School chiefs back required test

State board urged to maintain link between assessments, graduation

October 31, 2007|By Liz Bowie | Liz Bowie,Sun reporter

The leaders of four school systems told the state school board yesterday to hold firm in its plan to require students in the class of 2009 to pass the High School Assessments, but also to give those who fail the option of doing a project instead.

With 3,700 students in Baltimore and 1,700 students in Prince George's County still needing to pass at least one high school test before graduation, the leaders in those districts said they have some of the greatest challenges.

But when they were asked by a board member whether superintendents would like to take away the graduation requirement, their response was consistent.

"Not having them tied [to graduation] is the status quo, and the status quo isn't working for Baltimore City," said Andres Alonso, the city schools' chief executive officer.

And Cecil County's superintendent agreed. "If they can't be tied to graduation, we don't need them," said Carl Roberts. He said students would not take the tests seriously if they had no consequence.

The superintendents said the tests have provided a strong incentive for teachers and students. The tests, they said, have meant some school districts are replacing easy classes, such as consumer math and "baby algebra," with harder courses.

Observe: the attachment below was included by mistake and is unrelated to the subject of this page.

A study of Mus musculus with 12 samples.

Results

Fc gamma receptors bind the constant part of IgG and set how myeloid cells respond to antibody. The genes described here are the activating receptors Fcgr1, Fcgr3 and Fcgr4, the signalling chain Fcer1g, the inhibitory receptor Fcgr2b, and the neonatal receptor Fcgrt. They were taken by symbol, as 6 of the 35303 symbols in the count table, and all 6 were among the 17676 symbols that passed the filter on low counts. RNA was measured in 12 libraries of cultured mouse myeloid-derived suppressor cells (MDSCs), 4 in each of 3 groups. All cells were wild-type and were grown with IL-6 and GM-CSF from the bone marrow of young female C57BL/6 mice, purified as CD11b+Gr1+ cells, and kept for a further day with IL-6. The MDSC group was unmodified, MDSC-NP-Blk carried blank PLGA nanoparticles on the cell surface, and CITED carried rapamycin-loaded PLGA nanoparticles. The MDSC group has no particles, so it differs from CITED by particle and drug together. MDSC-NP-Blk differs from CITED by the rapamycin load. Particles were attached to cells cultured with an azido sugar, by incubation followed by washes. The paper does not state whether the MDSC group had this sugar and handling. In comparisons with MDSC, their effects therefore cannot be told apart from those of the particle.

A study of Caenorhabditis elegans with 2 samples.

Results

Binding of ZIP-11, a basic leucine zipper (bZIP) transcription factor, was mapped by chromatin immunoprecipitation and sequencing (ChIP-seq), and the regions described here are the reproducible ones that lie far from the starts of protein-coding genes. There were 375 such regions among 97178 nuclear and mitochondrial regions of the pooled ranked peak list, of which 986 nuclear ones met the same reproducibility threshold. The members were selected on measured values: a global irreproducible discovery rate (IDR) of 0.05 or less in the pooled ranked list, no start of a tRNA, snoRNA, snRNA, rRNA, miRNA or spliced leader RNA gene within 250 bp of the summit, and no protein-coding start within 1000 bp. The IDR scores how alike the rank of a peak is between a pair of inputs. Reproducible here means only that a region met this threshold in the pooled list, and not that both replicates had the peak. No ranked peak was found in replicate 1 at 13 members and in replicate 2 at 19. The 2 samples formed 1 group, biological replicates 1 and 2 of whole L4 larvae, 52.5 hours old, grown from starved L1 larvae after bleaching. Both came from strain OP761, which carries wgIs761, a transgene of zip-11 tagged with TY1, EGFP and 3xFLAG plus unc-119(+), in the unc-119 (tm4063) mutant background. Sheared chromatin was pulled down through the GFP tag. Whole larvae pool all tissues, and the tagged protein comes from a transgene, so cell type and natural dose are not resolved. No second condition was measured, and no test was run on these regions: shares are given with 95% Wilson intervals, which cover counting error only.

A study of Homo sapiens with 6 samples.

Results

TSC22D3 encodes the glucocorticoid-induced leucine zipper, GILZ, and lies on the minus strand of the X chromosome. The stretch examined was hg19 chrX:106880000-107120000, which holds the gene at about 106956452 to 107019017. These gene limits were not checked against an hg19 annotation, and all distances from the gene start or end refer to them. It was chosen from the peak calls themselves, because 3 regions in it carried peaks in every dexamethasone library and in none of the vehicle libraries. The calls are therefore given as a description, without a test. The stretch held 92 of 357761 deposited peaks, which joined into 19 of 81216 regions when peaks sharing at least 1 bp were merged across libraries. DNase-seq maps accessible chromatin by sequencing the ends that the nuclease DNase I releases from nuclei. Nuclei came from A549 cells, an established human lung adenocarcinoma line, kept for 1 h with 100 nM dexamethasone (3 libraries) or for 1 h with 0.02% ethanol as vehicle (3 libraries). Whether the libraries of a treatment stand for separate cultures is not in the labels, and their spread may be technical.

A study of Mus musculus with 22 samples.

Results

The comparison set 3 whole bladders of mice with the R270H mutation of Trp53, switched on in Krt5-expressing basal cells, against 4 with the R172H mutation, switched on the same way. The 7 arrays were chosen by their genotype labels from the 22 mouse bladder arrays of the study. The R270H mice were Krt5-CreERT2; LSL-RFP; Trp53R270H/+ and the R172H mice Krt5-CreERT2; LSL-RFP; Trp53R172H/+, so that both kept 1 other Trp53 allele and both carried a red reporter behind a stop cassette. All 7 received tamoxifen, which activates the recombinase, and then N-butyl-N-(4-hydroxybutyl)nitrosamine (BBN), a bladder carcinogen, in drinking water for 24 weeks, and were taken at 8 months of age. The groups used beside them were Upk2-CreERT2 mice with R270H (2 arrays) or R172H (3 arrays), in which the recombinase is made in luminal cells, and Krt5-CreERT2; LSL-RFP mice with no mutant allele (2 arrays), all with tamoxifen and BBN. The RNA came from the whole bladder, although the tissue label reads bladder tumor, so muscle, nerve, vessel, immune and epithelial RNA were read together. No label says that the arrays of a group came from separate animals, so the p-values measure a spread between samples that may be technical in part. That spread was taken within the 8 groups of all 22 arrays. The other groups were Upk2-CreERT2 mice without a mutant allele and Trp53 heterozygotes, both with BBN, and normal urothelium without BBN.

"I think it is a matter of what you stand for," said Baltimore County Superintendent Joe A. Hairston.

All but Montgomery County's superintendent have supported making passing the exams in algebra, English, American government and biology a requirement for graduation, beginning in 2009. But opposition has grown across the state this year as the deadline nears and large percentages of students, particularly minorities, special-education students and those who are learning English, have failed.

The board is expected to debate the issue today and will take a final vote in the afternoon or later this month.

Several school board members asked questions yesterday that indicated they were uncomfortable with the high level of failures among some groups of students.

School board member Mary Kay Finan questioned whether there is time to give the Class of 2009 opportunities for the project option or a comparable test for special-education students when neither has been developed.

She noted that an estimated 15,000 juniors in the state have not taken the biology test.

State school officials provided more details on how the alternative project that state schools Superintendent Nancy S. Grasmick introduced in September might work.

After consulting a committee of 15 high school principals throughout the state, staff members at the State Department of Education put together the outline of what the project would look like.

Only students who had passed the four classes, had acceptable attendance, had failed one or more tests twice and had gotten some academic help would be eligible. In addition, students had to have failed a test by no more than 100 points out of about 400.

A project could be done any time during high school, not just during the senior year, as long as the student had failed. Students would decide what to do based on a guideline set by the state.

The state also committed to produce samples for students and teachers to see and to train staff members in school systems on how the projects should be done. A student project probably would be managed by a school staff member, but it would be scored by a districtwide grading team that would include a representative from the state.